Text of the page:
The gender gap that wasn’t
Amajor concern of education policymakers is the gender gap that ( in Ontario) has only 30.3 per cent of women university undergraduates taking science, technology, engineering and mathematics ( or “STEM”) programs while 42.5 per cent of men do. Because STEM jobs typically pay better, you might think this gap contributes to the widely- decried salary gap between men and women who work full time.
Except it turns out there really isn’t a STEM gap. Not in Ontario, certainly, but more than likely not in most other jurisdictions, either. Women who come out of high school with the math and science prerequisites for STEM programs are only slightly less likely than men to go into such programs. And women are only slightly less likely to get STEM prep in high school, with the result that women are essentially half (49 per cent, to be exact) of the STEM students in university.
So where’s the gap? And should we mind the gap ( if we do find one)?
There is in fact a gap. But it may be more statistical artifact than social problem. The numbers quoted so far are correct: Despite women filling half of STEM spaces at university a markedly lower share of women are in such programs than is true for men. How can that be? The answer is that among those high- school students who don’t get STEM prep, many more women t han men nevertheless go on to university.
All this, though not necessarily the conclusions I draw from it, comes from a recent study by economists David Card of the University of California ( Berkeley) and Abigail Payne, formerly of McMaster now of the University of Melbourne. They looked at the university programs and high-school preparation of 400,000 entrants to Ontario universities from 2005 to 2012, as well as detailed data on the courses and grades of students who were in Grade 9 in 2005- 6 as they worked their way to high school graduation. ( You’ve got to hope this very big data was well encrypted!)
In total in Ontario, 44 per cent of women go to university versus only 32 per cent of males. As a result, fully 57.5 per cent of undergraduate students are now female. But, exaggerating drastically to make a point, if there are only three groups of students — women in STEM, women in non- STEM, and men in STEM — then in such a world it’s simple arith- metic that a smaller percentage of women will be in STEM than men. In reality, of course, there actually are male undergraduates who don’t prepare for or take STEM programs, but disproportionate numbers of non-STEM men just don’t go to university.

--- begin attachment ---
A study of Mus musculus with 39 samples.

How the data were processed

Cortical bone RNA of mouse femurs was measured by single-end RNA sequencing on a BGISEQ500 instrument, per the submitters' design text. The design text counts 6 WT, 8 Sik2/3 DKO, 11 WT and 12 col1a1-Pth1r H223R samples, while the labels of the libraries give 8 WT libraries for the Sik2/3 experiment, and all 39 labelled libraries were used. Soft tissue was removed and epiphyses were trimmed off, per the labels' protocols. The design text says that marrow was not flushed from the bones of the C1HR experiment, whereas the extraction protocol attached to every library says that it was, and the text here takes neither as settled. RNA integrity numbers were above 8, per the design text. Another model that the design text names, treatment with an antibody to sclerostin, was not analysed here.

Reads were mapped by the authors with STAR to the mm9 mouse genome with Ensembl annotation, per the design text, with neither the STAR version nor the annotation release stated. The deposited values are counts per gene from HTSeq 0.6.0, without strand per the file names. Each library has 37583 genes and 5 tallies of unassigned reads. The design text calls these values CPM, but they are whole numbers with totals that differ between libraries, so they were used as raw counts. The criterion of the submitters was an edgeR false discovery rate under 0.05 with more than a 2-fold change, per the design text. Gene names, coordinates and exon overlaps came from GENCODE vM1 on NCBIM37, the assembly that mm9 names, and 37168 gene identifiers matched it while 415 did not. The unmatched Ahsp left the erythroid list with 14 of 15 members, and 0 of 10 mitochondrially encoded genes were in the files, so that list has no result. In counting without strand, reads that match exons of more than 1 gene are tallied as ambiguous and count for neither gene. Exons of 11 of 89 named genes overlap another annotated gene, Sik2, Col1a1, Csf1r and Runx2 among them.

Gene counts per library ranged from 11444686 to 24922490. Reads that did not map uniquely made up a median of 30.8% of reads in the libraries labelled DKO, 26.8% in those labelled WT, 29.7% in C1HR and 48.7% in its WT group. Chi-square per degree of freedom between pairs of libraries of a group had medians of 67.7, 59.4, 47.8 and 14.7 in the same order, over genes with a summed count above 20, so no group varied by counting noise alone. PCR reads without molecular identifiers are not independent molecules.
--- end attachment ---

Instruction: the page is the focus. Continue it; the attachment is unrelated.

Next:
It’s not clear there is a problem here. Students are free to choose their own programs. Schools can provide good information for them about their choices in terms of university and employment. But if there is a problem, it’s not that women aren’t interested in STEM; it’s that men aren’t interested in poetry — or languages or philosophy or art or all the other non-STEM subjects.
Among Card and Payne’s other results:
There’s only a small difference in STEM preparation between female and male high- school graduates: 14.5 per cent versus 15.3 per cent.
High-school students who are STEM- prepped both do go on to university and do take STEM programs and on both scores the differences between men and women are minimal.
Males and females tend to prep for different STEM programs. Females are more likely than males to take biology in high school ( 81.5 per cent versus 51.7) while males are more likely to take physics (62.6 per cent versus 31.9). Card and Payne count nursing as a STEM program, both because it has typical STEM math and science prerequisites and because health sciences workers make STEM-level salaries after graduation.
Girls have slightly higher high- school marks overall though more so in non-STEM subjects, so the fact that many girls do opt for non- STEM university programs may reflect comparative advantage rather than anything else.
Probably the most policy-relevant observation Card and Payne’s study points to is that lots of high-school students, especially boys, effectively opt out of both STEM and university itself by choosing Grade 9 courses that don’t lead to the Grade 10, 11 and 12 courses that would let them into university STEM programs. Ontario’s schools might want to let students delay their decisions by prolonging their math and science prep by a year or two and by giving them good information — if it exists or can be generated — about which courses tend to lead to which kinds of jobs. If they can make that information available in a way that can grab students’ attention, i. e., via a cellphone app, that would probably work best.